Rocket Woman

At SpaceX, Gwynne Shotwell works to advance space exploration

COURTESY OF SPACEX

THE BIG LAUNCH: The most powerful rocket currently flying is the Falcon Heavy. It generated 5 million pounds of thrust when it launched in February 2018.

PATRICK T. FALLON/BLOOMBERG VIA GETTY IMAGES

Today, typical rocket launches are expensive—not to mention wasteful. A single launch can cost more than $70 million, and most rockets are discarded after just one use. But SpaceX is working to change this. The California-based company founded in 2002 by entrepreneur Elon Musk has become a leader in the growing private space industry.

For decades, government agencies like NASA were the main players in spaceflight. But SpaceX now regularly launches satellites into orbit and sends supplies and science equipment to the International Space Station. SpaceX has also advanced rocket design by making rockets that are reusable, which saves money and could allow astronauts to make return trips from other planets.

As one of SpaceX’s first employees, Gwynne Shotwell helped the company take flight. The engineer is now SpaceX’s president and chief operating officer. She oversees more than 6,000 people, most of whom focus on designing, building, and launching rockets and spacecraft. Science World spoke with Shotwell about her job and SpaceX’s ultimate goal of building a colony on Mars.

What does it take to get a rocket off the ground?

Rockets are massive, complex machines. We launched the Falcon Heavy rocket in February 2018, and it’s the most powerful rocket currently flying. It weighs about 1.4 million kilograms (3.1 million pounds) and can lift up to 63 tons into orbit.

Rockets, like the Falcon Heavy, burn liquid fuel in the presence of oxygen (O) to create thrust. This force pushes the rocket upward. A rocket’s thrust has to be greater than its weight. Otherwise, the rocket won’t make it off the launchpad. The thrust created by the Falcon Heavy at liftoff was equal to the force produced by eighteen 747 passenger jets.

How do SpaceX’s reusable rockets work?

Right now, we carry out all of our missions with our Falcon 9 rocket. It’s a tall cylindrical tube that houses engines and fuel in two separate stages, or sections. The first stage lifts the rocket from the launchpad and sets it on a curved trajectory through the air. It then separates from the second stage, which continues carrying the payload into orbit.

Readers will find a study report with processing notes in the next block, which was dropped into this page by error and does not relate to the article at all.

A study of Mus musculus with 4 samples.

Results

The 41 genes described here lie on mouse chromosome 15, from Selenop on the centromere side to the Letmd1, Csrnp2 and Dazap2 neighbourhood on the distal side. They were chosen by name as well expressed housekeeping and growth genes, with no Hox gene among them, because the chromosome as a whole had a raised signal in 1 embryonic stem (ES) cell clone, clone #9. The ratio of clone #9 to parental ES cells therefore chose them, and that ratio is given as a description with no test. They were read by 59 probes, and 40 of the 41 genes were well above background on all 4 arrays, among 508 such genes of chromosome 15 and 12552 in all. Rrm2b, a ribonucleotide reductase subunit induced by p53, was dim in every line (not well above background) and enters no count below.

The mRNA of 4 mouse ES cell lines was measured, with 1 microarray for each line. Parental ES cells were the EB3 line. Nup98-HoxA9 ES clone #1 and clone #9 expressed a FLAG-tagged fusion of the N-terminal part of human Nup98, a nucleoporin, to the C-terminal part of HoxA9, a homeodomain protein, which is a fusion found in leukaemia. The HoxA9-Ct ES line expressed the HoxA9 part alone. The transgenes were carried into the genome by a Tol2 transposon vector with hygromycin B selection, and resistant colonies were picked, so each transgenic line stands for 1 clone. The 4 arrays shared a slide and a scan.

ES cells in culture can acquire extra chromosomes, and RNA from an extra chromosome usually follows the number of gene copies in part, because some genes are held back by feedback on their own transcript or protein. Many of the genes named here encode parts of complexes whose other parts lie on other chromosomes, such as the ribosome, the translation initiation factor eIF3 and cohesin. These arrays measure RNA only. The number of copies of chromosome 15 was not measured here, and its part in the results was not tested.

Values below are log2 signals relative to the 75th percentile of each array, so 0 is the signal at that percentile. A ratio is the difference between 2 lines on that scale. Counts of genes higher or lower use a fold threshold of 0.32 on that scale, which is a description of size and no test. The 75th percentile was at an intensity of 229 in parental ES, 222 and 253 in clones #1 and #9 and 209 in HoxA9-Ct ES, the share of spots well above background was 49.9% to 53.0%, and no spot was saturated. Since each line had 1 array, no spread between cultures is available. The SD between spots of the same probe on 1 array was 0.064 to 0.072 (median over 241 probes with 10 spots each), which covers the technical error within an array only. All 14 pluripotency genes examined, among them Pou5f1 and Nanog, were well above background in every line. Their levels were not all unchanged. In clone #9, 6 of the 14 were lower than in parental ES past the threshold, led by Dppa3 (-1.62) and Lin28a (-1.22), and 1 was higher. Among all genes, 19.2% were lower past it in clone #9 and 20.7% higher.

We can recover the first stage rocket to reuse with a technique called propulsive landing. As the first stage falls away, thrusters flip it around so its engines are pointing downward. The engines fire multiple times to guide the rocket toward a landing pad on the ground or a drone ship. It’s incredibly difficult to steer the rocket so precisely. Once it gets close to Earth, its engines fire again to slow down its descent for a gentle touchdown. As the rocket lands, legs fold out to hold it in place.

STEVEN BRAHMS

ON THE JOB: Shotwell inspects part of a SpaceX rocket at the company’s factory in California.

What is SpaceX doing to prepare for human exploration of Mars?

Reusable rockets are the first step. Without them, astronauts who someday visit Mars would have no way to get back home.

We’ve been working for a few years on designs for a spaceship that will take people to Mars. It’ll be able to carry 100 tons of cargo and 100 passengers. A round-trip to Mars will take about two-and-a-half years, so astronauts will need to take a lot of supplies with them to survive the long flight.

We’re starting to build the spaceship now and are hoping to do some testing of it this year. We’re aiming to send people to Mars within the next 10 years. Getting there will definitely happen in our lifetime!

When it comes to engineering rockets, do things always go as planned?

No! We’ve had rockets explode, crash, and fail to land. But people learn far more from their failures than from their successes. With success, you tend not to think about what could have gone wrong. With failure, you can figure out what went wrong and fix it. Engineers are never satisfied. They always want to tweak, test, or reanalyze a design.